Death by a Thousand Cuts, which had its world premiere at Hot Docs, originated with an idea co-director Jake Kheel developed when he was working on a master’s thesis at Cornell University.
“I live and work in the Dominican Republic (D.R.),” says Kheel during an interview at the festival. He is drawn to the warmth of the people, and “from an environmental perspective, it is one of the most bio-diverse locales in the Caribbean. It has an incredible range of habitats, and it’s incredibly under risk.”
Kheel works as Vice President of Sustainability for Grupo Puntacana, developing programmes that have drawn international attention and won numerous awards. Among many initiatives and activities, he has worked to revive dying coral reefs.
Years ago, Kheel researched deforestation along the Dominican-Haitian border, and gradually came up with the idea of a doc about the area, one that links environmental devastation to social disaster. The project evolved into a story about how Haitians cross the border from their deforested country into the D.R. to cut wood that gets burnt into charcoal, the only fuel the Haitian poor can afford.
To make the film, Kheel approached Montreal-born, US-based producer Ben Selkow and Columbian-born director Juan Mejia Botero. Selkow is a versatile, prolific filmmaker who has worked in both documentary and fiction. His projects have appeared on HBO, CNN, the Discovery Channel, and many other outlets. In 2014, Selkow was a producer-director for CNN’s hugely entertaining Anthony Bourdain: Parts Unknown. He also collaborated on Steven Spielberg and Danny Forster’s Rising: Rebuilding Ground Zero.
Mejia Botero, who signed to co-direct Thousand Cuts, is an activist filmmaker who has made features and short docs in many countries, often dealing with grassroots issues. For instance, his Uprooted depicts an Afro-Colombian family that lost its home. Among other degrees, Mejia Botero has a BA in anthropology from Swarthmore College.
From its inception, the trio behind Death by A Thousand Cuts wanted to make a revealing, consciousness-raising film that could be used for outreach. But they also wanted it to have narrative drive and aesthetic appeal.
For Selkow, “The key was to take this larger crisis issue and make it personal. Going from personal to polemic is always the right trajectory for creating strong narrative documentaries. And the word we used all along was ‘thriller.’ How do we take the spectre of deforestation, the brewing tensions between two countries and animate that in a personal accessible narrative?”
The doc got closer to thriller, Kheel recalls, “after we finished our first scouting mission in the D.R. border with Haiti.” A park ranger called Eligio Eloy Vargas, nicknamed Melaneo, got chopped to pieces in a forest on the border, ostensibly by a Haitian, Pablo Tipal, who was illegally cutting wood for charcoal.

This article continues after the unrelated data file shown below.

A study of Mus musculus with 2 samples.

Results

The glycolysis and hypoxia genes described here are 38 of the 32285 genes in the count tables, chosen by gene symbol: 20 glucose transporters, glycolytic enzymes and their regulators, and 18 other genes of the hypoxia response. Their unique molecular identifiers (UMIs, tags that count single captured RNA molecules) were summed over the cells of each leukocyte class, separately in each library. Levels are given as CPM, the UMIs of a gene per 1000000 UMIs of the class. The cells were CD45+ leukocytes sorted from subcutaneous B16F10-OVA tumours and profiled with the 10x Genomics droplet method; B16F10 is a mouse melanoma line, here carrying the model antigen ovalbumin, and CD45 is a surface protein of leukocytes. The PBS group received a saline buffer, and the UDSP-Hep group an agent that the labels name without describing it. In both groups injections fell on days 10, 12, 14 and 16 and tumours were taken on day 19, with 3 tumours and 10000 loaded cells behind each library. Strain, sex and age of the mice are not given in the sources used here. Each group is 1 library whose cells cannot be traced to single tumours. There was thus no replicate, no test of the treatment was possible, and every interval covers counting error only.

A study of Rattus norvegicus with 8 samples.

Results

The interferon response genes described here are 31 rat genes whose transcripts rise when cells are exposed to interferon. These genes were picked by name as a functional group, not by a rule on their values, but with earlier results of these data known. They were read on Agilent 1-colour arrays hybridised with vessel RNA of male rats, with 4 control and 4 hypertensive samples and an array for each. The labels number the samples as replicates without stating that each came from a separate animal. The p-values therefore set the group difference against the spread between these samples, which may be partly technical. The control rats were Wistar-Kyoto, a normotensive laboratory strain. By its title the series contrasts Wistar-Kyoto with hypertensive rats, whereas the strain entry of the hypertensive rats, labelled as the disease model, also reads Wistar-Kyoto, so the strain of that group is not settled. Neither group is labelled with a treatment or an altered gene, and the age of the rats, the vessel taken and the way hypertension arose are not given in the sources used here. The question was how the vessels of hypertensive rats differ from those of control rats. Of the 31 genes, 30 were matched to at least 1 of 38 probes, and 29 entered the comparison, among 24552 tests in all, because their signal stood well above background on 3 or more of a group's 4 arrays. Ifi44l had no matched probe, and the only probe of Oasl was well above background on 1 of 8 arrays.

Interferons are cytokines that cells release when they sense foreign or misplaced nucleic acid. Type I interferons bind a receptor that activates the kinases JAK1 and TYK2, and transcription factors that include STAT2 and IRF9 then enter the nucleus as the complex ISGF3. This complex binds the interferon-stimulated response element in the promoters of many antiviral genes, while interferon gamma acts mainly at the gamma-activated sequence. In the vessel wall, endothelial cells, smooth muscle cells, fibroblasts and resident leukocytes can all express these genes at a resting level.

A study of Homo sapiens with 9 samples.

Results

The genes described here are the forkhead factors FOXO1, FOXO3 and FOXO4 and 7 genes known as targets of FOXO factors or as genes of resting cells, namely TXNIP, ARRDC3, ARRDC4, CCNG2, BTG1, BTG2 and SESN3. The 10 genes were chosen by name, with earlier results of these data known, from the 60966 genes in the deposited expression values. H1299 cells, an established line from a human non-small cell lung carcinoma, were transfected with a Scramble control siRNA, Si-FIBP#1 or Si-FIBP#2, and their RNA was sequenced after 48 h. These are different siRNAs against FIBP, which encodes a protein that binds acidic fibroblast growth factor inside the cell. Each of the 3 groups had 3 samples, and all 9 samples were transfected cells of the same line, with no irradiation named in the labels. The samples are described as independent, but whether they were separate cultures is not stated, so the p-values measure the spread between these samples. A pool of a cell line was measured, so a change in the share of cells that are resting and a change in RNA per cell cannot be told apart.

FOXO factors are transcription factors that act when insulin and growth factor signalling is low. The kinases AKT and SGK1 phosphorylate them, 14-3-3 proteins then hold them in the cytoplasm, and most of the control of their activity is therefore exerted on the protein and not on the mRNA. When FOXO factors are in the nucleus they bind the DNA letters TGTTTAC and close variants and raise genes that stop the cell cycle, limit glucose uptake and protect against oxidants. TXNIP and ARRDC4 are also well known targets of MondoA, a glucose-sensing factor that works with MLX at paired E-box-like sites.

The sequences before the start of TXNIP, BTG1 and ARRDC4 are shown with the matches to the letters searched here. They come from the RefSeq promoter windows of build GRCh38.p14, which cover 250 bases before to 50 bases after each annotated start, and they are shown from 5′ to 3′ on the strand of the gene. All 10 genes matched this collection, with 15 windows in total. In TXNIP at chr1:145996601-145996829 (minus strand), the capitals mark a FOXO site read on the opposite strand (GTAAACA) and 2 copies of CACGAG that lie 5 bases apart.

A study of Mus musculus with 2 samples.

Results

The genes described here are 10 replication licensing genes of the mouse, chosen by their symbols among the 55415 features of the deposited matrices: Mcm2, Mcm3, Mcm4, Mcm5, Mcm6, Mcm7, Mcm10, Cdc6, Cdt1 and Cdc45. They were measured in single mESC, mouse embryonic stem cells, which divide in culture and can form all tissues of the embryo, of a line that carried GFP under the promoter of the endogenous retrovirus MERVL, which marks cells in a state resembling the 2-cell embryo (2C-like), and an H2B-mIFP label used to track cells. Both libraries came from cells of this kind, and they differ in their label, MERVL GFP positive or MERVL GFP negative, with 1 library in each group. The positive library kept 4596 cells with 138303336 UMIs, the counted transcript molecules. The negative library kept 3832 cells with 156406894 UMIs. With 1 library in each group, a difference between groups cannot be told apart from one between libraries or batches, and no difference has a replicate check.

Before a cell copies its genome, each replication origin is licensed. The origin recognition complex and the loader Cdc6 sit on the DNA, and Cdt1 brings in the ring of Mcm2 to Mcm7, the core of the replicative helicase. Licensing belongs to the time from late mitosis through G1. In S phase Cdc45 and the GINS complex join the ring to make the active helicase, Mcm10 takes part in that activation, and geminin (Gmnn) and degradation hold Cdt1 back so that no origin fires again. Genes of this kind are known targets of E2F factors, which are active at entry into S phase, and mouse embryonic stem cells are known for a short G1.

The story of the murder raises mysteries. What was the truth about Melaneo? Did Pablo Tipal, now in hiding, really kill him? “We realised immediately that things are not exactly as they seem,” recalls Mejia Botero. “Perfect for a thriller. From the murder of Melanio on, we started discovering new aspects to things.”
As for the aesthetics of the film, Mejia Botero explains, “We worked with an amazing cinematographer,” Juan Carlos Castañeda. “The idea was to adapt the cinematography to a more narrative type of vibe. Even in the framing of the interviews, we kept an aesthetic more towards a thriller.” For the film’s stunning overhead shots of the border area, reminders that despite the animosity between the D.R and Haiti, they are actually deeply inter-connected, the filmmakers carried drones into the mountains on mule-back.
During production of the film the D.R. passed its now infamous immigration laws, which aimed at mass deportation of Haitian immigrants. The murder story, says Selkow, “perfectly crystallizes all the complexities of the social and environmental situation on the island of Hispaniola. It’s not this black and white thing. The point of the film is that it’s a hybrid; it’s a Creole, or whatever you want to call it.”
Kheel wants the government to be acutely aware of “the issues on the border, the issues of inequality, of environmental degradation, of tension building between these two countries. There is a real risk for conflict. We want this film to be seen by the politician class, by journalists, by folks who work on the border.”
The reality of that border continues Kheel, is that “there is no wall, there is no border crossing. It is basically a mountain range that people walk across day and night. At one point, we crossed the border with a mule train carrying our equipment. And the only way you would know you are in Haiti is that your cell phone carrier changed, and the houses started to look a little different. The only formal border crossings are for big trucks and cars. It’s basically an open border.”
Hot Docs runs April 28 – May 8. Visit www.hotdocs.ca for more information.